October 17 was a hard day for Ukraine's capital as thousands gathered near the Parliament to support Mikheil Saakashvili and his demands to Ukrainian government. Despite a tense atmosphere, current protest did not result in mass violence and now the protesters and officials seem to be leading a purely political confrontation.
Since Mikheil Saakashvili’s dashing return to Ukraine in September after being stripped of citizenship by Petro Poroshenko and briefly leaving the country, former governor of Odessa region kept arousing public interest and provoking quite dissimilar opinions about his role in Ukraine’s political life. While some tend to disdain the exuberant character of his political activities, others display eager support and willingness to partake in his endeavors. During the last month, Saakashvili has been touring the cities of Ukraine and publicly criticizing Ukrainian government for indulging in corruption and forgetting about people. Claiming to not hold any citizenship, he also applied for state protection, although no official answer has followed yet.
On a rally in Kharkiv on October 15, Saakashvili said that Ukrainian government might have plans on his assassination or deportation, adding that he has no fear of any possible dangers. Needless to say that these claims were foreshadowing the predictable force response from the police during the main protest act (“anti-corruption assembly”) scheduled on October 17 in Kyiv. Saakashvili had repeatedly announced his 3 key demands to Ukrainian government, namely to alter the procedure of Parliament elections, to create anti-corruption courts and to abolish the parliamentary immunity. However, later he added 4 further requests directly to President Poroshenko, requiring him to openly sell his businesses, start a “real” war against corruption, change the election law (as well as reappoint the Election Committee) and introduce fair and affordable utility tariffs.
The morning of final rally day started with people gathering in front of Verkhovna Rada (Ukrainian Parliament). Ukrainian media reported up to 2 thsd people (while the police counted 4,5 thsd) consisting of members and activists belonging to parties loyal to Saakashvili, as well as commoners and numerous supposedly paid participants. Although by early afternoon the attendance seemed to fall, around 3 PM a group of young people (allegedly belonging to “Donbass” Ukrainian volunteer battalion lead by Semen Semenchenko and several other military and nationalist organizations) approached the site, confronting the police and attempting to break through to the building, which provoked rumors about Rada’s possible siege. A part of adjacent Hrushevsky street was blocked by activists armed with shields. About 20 tents had been installed on the square in front of the Parliament.
Protesters installing tents
Saakashvili and his ally Mustafa Nayem (deputy and former journalist also known as one of the key organizers of Euromaidan in 2013) appeared in the middle of turmoil, guiding the masses and squeezing through the police chain. After taking the stage, Saakashvili began speaking about rally’s purposes, saying that people have gathered to “expel the goat of corruption, lawlessness and impunity, as well as a certain goat” (most likely hinting at the President lately being the main object of Saakashvili’s criticism). The protest had finally settled on the square with government quarter (part of Kyiv city center containing numerous governmental facilities) being surrounded by the police and National Guard. Numerous speakers from different political forces supporting the protest gave their speeches. Nearby residing Ukrainian military have scared the attendants by performing several howitzer volleys in honor of Malta president.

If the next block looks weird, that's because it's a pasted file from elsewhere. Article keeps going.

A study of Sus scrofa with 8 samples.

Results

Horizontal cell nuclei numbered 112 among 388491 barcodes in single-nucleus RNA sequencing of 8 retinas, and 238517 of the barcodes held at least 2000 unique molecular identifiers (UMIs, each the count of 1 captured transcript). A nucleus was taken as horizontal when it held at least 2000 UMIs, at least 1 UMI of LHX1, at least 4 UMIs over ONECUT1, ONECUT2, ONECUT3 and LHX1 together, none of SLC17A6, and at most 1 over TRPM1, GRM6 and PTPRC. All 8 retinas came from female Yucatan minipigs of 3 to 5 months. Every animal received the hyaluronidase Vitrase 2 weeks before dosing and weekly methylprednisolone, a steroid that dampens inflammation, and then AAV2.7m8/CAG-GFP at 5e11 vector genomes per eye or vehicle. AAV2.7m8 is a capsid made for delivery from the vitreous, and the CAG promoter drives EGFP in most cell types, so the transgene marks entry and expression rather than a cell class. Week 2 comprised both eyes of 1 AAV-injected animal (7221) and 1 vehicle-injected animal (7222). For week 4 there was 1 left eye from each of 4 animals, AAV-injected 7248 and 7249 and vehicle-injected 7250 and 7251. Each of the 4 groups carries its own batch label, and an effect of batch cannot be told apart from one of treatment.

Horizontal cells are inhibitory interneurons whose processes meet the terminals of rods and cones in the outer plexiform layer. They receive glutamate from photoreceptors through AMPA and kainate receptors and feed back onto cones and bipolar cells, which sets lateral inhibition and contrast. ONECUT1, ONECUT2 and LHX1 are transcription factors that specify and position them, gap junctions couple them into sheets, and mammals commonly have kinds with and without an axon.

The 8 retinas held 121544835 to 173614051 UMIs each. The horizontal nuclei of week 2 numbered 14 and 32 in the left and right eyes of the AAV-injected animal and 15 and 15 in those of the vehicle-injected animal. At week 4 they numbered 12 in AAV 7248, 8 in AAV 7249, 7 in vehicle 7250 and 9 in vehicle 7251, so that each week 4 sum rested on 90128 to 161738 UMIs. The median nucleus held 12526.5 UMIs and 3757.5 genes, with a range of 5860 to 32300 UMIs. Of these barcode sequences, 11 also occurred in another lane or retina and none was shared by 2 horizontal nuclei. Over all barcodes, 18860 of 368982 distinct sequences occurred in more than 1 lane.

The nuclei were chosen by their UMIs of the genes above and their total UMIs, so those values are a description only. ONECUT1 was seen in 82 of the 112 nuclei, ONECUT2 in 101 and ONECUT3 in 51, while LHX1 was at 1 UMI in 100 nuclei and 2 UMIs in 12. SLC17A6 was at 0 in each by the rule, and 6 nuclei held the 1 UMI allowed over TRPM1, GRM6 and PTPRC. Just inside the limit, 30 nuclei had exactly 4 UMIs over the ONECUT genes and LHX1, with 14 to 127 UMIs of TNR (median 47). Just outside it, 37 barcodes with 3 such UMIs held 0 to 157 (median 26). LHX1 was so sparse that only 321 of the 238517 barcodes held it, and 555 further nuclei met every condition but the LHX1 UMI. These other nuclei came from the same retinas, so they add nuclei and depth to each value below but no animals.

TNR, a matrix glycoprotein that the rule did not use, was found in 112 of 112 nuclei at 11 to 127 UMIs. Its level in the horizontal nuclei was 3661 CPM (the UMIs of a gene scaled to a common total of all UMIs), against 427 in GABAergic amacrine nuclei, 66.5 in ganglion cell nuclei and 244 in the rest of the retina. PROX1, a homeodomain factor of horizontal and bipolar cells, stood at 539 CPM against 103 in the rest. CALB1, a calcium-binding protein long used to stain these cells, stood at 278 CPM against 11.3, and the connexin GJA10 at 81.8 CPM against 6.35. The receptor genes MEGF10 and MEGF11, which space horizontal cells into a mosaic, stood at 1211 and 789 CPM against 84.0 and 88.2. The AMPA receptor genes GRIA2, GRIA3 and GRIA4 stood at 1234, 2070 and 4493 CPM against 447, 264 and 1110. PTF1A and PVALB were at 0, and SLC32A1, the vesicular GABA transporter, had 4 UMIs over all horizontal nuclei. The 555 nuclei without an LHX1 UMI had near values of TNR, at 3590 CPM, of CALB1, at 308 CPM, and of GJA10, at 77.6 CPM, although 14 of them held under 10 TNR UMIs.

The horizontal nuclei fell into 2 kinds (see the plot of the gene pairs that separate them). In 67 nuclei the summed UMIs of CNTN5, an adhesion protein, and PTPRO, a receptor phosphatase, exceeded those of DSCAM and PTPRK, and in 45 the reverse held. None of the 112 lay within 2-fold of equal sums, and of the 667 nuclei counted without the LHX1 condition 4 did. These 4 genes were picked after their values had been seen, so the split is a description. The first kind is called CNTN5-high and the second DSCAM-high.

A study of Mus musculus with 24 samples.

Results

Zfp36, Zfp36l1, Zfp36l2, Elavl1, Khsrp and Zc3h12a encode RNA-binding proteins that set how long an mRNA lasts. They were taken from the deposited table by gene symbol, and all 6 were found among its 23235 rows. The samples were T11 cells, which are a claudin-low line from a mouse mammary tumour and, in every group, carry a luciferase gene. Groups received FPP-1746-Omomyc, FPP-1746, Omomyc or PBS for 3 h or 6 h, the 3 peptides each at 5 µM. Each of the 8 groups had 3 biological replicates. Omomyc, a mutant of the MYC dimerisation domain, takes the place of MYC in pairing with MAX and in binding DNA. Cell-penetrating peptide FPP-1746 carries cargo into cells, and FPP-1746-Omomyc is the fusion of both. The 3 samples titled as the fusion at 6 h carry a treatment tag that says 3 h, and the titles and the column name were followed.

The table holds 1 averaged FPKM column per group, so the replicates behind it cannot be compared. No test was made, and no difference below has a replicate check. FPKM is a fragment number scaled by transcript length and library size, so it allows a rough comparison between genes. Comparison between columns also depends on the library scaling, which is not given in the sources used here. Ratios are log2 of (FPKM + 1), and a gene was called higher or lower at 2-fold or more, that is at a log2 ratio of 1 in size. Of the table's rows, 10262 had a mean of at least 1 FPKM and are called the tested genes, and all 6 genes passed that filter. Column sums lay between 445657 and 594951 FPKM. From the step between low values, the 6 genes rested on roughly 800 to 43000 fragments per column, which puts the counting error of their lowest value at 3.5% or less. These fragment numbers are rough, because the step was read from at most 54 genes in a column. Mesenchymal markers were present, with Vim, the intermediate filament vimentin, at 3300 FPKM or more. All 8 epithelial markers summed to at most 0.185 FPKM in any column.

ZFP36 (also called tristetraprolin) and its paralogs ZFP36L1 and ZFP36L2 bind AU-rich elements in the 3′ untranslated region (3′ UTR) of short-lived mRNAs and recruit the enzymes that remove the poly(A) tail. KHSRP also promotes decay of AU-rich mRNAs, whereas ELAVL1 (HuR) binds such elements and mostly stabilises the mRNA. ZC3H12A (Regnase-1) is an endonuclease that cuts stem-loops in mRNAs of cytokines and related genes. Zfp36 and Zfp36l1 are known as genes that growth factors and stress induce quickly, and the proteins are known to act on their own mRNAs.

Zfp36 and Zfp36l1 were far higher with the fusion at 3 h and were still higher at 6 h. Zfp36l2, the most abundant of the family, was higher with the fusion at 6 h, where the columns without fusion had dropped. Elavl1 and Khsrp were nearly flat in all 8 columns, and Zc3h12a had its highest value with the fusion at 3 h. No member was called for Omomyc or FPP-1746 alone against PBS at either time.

Howitzers firing shots
Tent city dwellers say they will not leave before deputies adopt the laws based on people’s demands, which, however, may take more than several days. Verkhovna Rada has already started discussing these projects, but the adoption process (in case of success) requires further approval by the Constitutional Court.
Prosecutor General of Ukraine Yuriy Lutsenko has already promised not to force out the rally (currently consisting of more than 60 tents and about 200 people), but said that metal detectors will be used to provide safety in the area. Activists and police have agreed on the acceptable distance dividing them. Head of the National Police says his employees have confiscated a large amount of weapons and explosives and will help maintain the proper work of Parliament for the time of significant votes. Police have also used loudspeakers to read out paragraphs from the criminal code concerning penalties for violation of civil order and causing material damage. Head of Verkhovna Rada Andriy Parubiy demanded the protesters to clear the Parliament entrances.
Opinions about political powers backing Saakashvili’s actions differ. Some experts tend to connect him to Ihor Kolomoyskiy, an influential Ukrainian oligarch and former PrivatBank owner currently residing in Switzerland. Political support provided by Yuliya Tymoshenko and various Ukrainian parties (including “Samopomich”, nationalist “Svoboda” and others) has helped Saakashvili to enter the country and avoid pursuit by the government, but current protests have revealed their relative reluctance in demonstrating explicit affirmation of his efforts, which may be a sign of their will to preserve their standalone status in the light of future elections (as well as showing their doubts about the rally’s success).